15 skills to help you stand out from the crowd

15 skills to help you stand out from the crowd

We’ve scoured our 100+ ‘Interview with WiseOceans’ to bring you the top 15 skills that our interviewees have needed in their marine conservation jobs (but didn’t necessarily know they would need when they started out).

How many have you got? Can you tick them all off?

You’ll often find yourself working in small teams/organisations or perhaps in remote locations, so bringing these extra skills can make you an indispensable member of the team!

In no particular order…

  IT skills You might find yourself needing to edit/build websites or put together spreadsheets, posters, PowerPoint presentations etc…

  Marketing and social media Communicating what you do is an ever-increasingly important part of any job. Understanding and using social media effectively is a valuable skill to bring to any job. By developing your own web presence – blog, tweet, make Instagram stories, podcast etc… you can gain these skills and help promote yourself and network. It is a win-win!

  Maintenance Fieldwork is often remote with challenging time constraints. Being the person that can fix something to help get the project back on track makes you very valuable. So, learning how to fix boats, cars, compressors and bikes or having something like plumbing or electrical skills make you a very useful person!

  SCUBA qualifications Not all jobs in marine conservation take place underwater but having at least the equivalent of PADI Rescue Diver, or preferably Dive Master is often an essential qualification for jobs and opportunities in the field

  Freediving Learning to safely and effectively free dive is an excellent skill to bring to a team. There may be lots of reasons why SCUBA diving may not be practical, so being a good freediver can be very useful.

  First aid Out in the field, having some first aid knowledge is very valuable and very often these types of jobs/opportunities require a first aid qualification.

  Boat handling Qualifications like the RYA Powerboat Level 2 are very often essential or desirable for many jobs. Having plenty of hours at sea is even better!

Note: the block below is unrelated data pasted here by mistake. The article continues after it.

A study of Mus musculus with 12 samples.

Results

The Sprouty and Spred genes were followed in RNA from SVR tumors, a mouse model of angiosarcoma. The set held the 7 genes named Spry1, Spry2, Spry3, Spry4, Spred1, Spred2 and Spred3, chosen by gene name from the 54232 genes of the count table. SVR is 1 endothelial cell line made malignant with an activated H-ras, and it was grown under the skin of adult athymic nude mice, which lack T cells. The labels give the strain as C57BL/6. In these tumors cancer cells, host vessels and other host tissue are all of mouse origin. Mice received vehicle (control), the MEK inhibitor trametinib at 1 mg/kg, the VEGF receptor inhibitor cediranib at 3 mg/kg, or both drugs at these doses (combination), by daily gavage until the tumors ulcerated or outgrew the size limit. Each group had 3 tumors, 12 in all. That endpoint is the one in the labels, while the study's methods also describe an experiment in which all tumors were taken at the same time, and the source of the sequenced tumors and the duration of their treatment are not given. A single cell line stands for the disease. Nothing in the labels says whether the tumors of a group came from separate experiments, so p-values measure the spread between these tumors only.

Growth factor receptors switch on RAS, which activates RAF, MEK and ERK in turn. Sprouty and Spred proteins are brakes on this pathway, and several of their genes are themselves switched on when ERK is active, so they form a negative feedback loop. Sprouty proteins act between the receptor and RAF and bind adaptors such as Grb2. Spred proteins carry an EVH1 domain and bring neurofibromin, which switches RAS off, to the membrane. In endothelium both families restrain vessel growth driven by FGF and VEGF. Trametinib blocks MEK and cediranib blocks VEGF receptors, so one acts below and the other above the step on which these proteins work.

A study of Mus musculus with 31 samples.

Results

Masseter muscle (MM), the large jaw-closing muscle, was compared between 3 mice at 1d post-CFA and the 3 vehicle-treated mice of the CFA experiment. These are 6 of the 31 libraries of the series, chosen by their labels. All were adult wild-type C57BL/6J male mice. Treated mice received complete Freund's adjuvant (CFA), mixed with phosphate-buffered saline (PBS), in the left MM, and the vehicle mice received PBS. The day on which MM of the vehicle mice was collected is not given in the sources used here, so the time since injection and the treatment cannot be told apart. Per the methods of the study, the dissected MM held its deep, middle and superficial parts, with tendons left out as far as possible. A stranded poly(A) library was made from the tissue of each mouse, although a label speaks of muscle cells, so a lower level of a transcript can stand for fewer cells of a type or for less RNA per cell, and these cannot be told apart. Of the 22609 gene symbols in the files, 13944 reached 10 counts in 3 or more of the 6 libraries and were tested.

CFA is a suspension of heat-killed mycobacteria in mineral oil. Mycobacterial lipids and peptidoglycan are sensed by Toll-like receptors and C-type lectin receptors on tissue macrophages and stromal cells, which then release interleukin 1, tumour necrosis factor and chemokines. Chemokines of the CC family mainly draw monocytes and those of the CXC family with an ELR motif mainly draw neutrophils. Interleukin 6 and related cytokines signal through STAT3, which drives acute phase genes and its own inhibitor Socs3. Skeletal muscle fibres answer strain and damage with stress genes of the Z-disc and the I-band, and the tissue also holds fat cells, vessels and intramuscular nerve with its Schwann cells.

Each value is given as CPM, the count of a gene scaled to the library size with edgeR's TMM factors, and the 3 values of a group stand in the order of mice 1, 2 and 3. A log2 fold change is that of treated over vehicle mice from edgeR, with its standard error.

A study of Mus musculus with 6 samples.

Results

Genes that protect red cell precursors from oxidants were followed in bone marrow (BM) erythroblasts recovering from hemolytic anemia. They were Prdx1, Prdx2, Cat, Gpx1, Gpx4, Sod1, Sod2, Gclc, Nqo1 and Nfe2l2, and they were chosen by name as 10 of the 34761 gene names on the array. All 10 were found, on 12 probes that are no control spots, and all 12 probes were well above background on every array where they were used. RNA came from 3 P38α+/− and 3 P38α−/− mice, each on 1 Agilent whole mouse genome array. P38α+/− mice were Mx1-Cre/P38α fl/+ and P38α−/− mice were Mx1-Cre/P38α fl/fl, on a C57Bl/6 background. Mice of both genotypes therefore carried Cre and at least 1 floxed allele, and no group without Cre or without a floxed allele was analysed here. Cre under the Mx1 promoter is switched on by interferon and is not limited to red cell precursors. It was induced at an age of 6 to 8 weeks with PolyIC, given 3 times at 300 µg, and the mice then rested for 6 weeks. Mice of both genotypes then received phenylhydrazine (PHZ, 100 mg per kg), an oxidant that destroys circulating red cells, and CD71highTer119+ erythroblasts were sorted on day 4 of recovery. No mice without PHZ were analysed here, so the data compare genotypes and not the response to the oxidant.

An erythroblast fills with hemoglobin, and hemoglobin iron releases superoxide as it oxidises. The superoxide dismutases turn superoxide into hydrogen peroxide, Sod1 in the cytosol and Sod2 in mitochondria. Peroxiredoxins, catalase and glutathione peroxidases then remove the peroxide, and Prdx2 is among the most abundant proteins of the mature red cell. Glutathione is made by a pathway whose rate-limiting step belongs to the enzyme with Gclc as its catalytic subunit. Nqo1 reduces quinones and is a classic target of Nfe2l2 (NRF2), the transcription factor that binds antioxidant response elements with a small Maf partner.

Art/drawing/graphic design Designing posters to promote your events, making marine education materials or developing content for social media are all things you are likely to be asked to do at some point. Being able to draw, create videos and animation or use a Photoshop type programme are great skills to bring to a team.

  Languages Some jobs/opportunities will explicitly need you to be fluent or at least be able to communicate a little in a different language. Having an additional language (or two!) can be a vital and valuable skill to bring to a job or team.

  Driving licence As well as just having a driving licence – having experience of driving abroad, in a 4×4 or in challenging conditions can be very handy.

  Photography/videography/drones Photographs are often a key part of a project – whether for ID purposes or for developing social media/website content. Most projects won’t have the budget for a separate photographer, so having good gear and good skills could definitely give you an edge.

  Funding Funding is perhaps the most important thing for any organisation, so an understanding and experience of funding streams is a really valuable skill to show on an application.

  Public speaking For many people, getting up and speaking in public is their worst nightmare, but with practice, you can improve. It is not always about getting up in front of a large audience but also being able to persuade and influence individuals too.

  Seasickness A surprisingly large number of interviewees owned up to have problems with seasickness. If you are going to need to be on a boat and get seasick then develop strategies to minimise your discomfort. It often does get better with time!

  Patience and diplomacy Firstly, have patience with yourself. Marine biology careers can take a while to happen – don’t give up. Secondly, you might often be in the position of trying to influence or negotiate with someone who is opposed to your views. Patience, empathy and diplomacy can go a long way. This also applies to getting-on with team members when living communally in challenging environments!

Have you seen our ‘Top five pieces of advice for a career in marine conservation‘ post? Essential reading for the aspiring marine biologist or conservationist.